As the University of North Texas seeks to take property that for decades has been home to a Sack & Save grocery store, the chorus of voices questioning government’s ability to confiscate private property in order to grow government is mounting.
A recent column discussed UNT co-opting a “green, mean spirit” after the Board of Regents green lighted acquiring property located on I-35E via eminent domain should the property owner decline a “fair market price” offer as determined by the university.
Eminent domain is government’s ability to seize private property for public use and without the property owner’s consent. Though the 2005 Kelo v. New London ruling seemed for a while to deter its use, that trend is now reversing.
While recognizing I-35E expansion could consume a portion of the store’s parking lot, the university’s announcement came as a surprise to Sack & Save owner/operator Gary Shelton and his employees.
“A lot of students walk here to buy groceries,” Shelton said of the store which for about 30 years has provided students – those with and without transportation – a competitively-priced food outlet located within safe, sensible proximity to numerous dorms and other UNT facilities.
In citing a “pressing need for facilities during the highway reconstruction process and into the long term right at the mouth of our campus and the face of our campus,” UNT System Chancellor Lee Jackson indicated the property could become home to a new community services center and long-term, perhaps student housing.
A recent North Texas Daily article detailing the university’s planned action aptly linked this move with another ongoing UNT controversy – a current Texas State Auditor’s Office recommendation to the legislature that UNT be required over the next 10 years to repay at least $75.6 million related to accounting manipulations, a practice that may date back to the 1970s.
Jackson downplayed any connection. “A university with 36,000 students in a growing region is going to grow regardless of the ups and downs of state budgeting,” he told the paper. “Nobody wants to cripple the university or prevent it from serving students. I expect that the university will continue to have the necessary funds for necessary expansions.”
A SAVE Sack N Save Facebook page signals student opposition to the university’s action.
On Thursday, the UNT Young Americans for Liberty chapter was on campus raising awareness of the issue. The group issued this statement:
Today the UNT Young Americans for Liberty chapter held an activism event in direct response to UNT’s recent policies of attempting to take Sack & Save property using eminent domain. This is the only grocery store in walking distance to many college students who don’t have access to transportation. The policy will hurt the students just as much as the property owners of Sack & Save. We feel that the decision, approved by the Board of Regents, does not accurately display the will of those who attend the university.
“Incorporating topics that hit home with the student body is always important when it comes to our activism projects,” Activism Coordinator Alex Anderson added. “With just this week the Sack & Save issue receiving North Texas Daily front page coverage as well as being the focus of our event, hopefully UNT is facing backlash they can’t easily bury.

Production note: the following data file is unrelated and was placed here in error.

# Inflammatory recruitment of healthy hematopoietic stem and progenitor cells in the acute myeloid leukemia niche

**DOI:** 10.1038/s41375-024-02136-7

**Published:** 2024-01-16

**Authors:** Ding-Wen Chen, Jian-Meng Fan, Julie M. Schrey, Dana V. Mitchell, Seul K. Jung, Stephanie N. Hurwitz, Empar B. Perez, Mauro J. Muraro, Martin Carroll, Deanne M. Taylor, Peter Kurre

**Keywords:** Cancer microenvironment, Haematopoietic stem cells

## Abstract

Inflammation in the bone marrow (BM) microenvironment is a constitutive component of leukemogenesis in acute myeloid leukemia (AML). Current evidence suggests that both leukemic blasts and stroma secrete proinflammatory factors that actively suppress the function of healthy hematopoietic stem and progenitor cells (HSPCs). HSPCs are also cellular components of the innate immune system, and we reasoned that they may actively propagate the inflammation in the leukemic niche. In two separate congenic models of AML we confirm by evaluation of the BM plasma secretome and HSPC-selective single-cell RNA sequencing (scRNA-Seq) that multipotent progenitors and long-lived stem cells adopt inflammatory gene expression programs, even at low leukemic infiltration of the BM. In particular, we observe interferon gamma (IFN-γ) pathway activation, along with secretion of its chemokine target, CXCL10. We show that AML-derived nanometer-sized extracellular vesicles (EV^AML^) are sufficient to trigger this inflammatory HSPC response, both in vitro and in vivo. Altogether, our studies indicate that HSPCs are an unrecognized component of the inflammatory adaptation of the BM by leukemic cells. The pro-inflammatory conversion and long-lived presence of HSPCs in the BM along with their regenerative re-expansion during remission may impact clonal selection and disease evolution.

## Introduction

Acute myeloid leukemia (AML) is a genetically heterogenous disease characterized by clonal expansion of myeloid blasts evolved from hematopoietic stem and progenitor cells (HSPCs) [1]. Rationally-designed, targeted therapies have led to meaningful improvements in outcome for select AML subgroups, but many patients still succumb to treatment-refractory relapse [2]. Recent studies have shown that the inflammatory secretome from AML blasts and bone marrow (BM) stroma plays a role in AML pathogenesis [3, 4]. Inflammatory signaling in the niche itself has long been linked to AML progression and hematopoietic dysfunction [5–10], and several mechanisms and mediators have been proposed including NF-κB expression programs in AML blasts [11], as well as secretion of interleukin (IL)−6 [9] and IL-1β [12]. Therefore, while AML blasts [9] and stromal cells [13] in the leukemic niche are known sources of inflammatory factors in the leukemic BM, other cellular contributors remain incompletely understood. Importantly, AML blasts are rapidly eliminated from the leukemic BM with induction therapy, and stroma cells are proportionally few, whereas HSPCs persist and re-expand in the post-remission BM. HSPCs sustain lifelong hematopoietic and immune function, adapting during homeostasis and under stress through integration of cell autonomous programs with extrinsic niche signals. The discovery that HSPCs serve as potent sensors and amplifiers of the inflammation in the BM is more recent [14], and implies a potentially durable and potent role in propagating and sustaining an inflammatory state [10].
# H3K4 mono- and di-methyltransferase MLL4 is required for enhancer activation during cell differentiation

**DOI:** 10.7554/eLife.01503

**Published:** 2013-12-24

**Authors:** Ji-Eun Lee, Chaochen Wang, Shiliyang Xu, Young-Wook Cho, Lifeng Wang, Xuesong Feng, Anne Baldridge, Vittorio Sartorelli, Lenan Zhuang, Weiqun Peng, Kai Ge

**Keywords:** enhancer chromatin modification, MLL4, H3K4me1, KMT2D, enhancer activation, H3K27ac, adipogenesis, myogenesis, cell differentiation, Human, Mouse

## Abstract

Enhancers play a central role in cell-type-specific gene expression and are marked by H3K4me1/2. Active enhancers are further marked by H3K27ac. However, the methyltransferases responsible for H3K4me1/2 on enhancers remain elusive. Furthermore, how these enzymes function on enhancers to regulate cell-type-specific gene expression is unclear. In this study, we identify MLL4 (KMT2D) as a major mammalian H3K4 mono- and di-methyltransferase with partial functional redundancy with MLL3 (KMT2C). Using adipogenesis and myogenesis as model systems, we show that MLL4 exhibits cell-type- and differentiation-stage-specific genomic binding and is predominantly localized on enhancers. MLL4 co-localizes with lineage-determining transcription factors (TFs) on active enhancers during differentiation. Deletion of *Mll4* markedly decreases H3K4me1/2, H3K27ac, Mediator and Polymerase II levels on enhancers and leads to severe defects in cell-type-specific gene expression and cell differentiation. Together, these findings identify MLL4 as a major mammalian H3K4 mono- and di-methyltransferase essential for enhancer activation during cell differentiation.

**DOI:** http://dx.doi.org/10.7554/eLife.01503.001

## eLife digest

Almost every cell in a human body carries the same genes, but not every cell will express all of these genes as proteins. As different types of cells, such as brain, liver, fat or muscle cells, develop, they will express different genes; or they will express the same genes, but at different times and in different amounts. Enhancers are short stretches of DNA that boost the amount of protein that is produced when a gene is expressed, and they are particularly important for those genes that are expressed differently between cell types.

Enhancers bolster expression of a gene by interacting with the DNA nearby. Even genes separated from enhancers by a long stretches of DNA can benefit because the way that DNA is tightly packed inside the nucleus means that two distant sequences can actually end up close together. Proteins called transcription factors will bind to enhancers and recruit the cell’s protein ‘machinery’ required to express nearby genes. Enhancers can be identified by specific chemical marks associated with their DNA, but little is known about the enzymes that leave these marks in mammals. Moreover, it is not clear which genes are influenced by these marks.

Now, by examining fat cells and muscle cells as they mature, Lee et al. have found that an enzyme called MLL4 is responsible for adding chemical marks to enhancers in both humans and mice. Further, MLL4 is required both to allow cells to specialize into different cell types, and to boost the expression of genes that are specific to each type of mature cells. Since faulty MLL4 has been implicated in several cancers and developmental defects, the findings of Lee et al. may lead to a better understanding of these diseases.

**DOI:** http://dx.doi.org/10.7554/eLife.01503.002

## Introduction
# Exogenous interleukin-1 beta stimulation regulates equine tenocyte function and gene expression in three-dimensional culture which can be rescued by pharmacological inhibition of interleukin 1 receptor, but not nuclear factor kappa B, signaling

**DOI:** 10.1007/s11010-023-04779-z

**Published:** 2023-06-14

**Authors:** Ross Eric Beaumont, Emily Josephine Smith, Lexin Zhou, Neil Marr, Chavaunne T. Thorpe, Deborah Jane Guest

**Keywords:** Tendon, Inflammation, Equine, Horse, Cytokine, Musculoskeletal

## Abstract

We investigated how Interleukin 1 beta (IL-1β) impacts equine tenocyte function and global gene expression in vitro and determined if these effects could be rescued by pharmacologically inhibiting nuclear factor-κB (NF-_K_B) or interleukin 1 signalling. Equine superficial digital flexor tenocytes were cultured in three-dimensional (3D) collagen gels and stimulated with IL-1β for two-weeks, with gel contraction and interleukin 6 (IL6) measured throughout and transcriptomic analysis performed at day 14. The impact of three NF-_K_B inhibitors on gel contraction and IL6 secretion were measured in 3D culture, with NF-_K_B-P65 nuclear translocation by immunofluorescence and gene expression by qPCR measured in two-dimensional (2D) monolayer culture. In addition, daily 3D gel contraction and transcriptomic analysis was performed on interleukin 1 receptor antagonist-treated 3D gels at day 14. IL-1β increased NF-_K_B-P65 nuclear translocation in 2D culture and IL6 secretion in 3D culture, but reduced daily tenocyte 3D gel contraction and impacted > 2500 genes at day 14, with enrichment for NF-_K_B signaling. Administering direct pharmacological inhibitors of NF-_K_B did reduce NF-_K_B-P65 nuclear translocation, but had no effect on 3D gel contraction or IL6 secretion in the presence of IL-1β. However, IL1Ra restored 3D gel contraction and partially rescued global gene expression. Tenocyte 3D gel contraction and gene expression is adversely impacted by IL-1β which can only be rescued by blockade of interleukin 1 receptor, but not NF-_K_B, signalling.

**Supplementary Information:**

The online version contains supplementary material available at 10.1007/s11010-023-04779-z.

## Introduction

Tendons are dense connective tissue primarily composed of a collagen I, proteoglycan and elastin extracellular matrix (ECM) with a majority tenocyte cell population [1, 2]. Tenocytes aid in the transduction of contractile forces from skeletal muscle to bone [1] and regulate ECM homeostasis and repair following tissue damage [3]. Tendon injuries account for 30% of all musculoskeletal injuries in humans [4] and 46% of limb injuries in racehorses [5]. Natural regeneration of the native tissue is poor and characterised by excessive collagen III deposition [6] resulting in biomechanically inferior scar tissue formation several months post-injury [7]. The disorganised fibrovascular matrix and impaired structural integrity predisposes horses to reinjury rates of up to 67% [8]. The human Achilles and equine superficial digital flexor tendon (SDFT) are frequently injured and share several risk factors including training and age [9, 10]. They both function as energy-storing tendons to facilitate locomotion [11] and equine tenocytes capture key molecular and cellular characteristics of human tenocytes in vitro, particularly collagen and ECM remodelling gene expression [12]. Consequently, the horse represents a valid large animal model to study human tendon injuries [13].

And poor ham sandwiches! Isn’t being perpetual targets for impressionable grand juries bad enough? Evidently not as Electric Eagle News describes the plight of “a UNT student and his crusted companion” in UNT Uses Eminent Domain to Seize Student’s Lunch.
After the University of North Texas announced last month that it may use its right of eminent domain to acquire the Sack & Save grocery store property adjacent to the campus, the university’s administration has announced a plan to again use eminent domain to seize the lunch of freshman student Diego Greene.
UNT Facilities Manager Jim Hull said that utilizing the university’s legal right to the student’s lunch, which is allegedly an “amazing looking” ham sandwich, is a necessary step toward the goal of becoming a top-tier research institution.
“This acquisition requires a rapid timeline of execution, keeping in mind the close proximity of lunchtime,” he said, glancing hungrily at his watch. “We feel that we know best how to use this sandwich, which might have been wasted in the hands of a student, as a tool to satisfy the university’s hunger for growth.”
Click here to read the full article.
This issue has brought forward some noteworthy quotes. Electric Eagle News’ Jackson “quote” in which the chancellor assures students that while “seizing Greene’s lunch may not directly benefit them now, it will undoubtedly serve untold numbers of hungry students in the years to come” is priceless.
The NT Daily provided an even more interesting perspective in reporting Jackson’s reference to the potential repayment of $75.6 million or more of taxpayer dollars as part of “the ups and downs of state budgeting.” While the chancellor’s position, a more fiscally-sensitive view suggests those dollars as fraudulently, even criminally, diverted from public coffers. And that such acts are thought to have been occurring for the same number of decades Sack & Save has been providing students with competitively-priced groceries? That’s irony, and if true, nothing short of epic negligence.
Most troubling, however, is the first of these quotes is satire, the second – per the campus newspaper – is Jackson’s view.
The bottom line
The future the Sack & Save remains undetermined, but this property poaching effort hopefully reminds how government’s theoretical pursuit of public good deserves much scrutiny as the results often are anything but good for the public.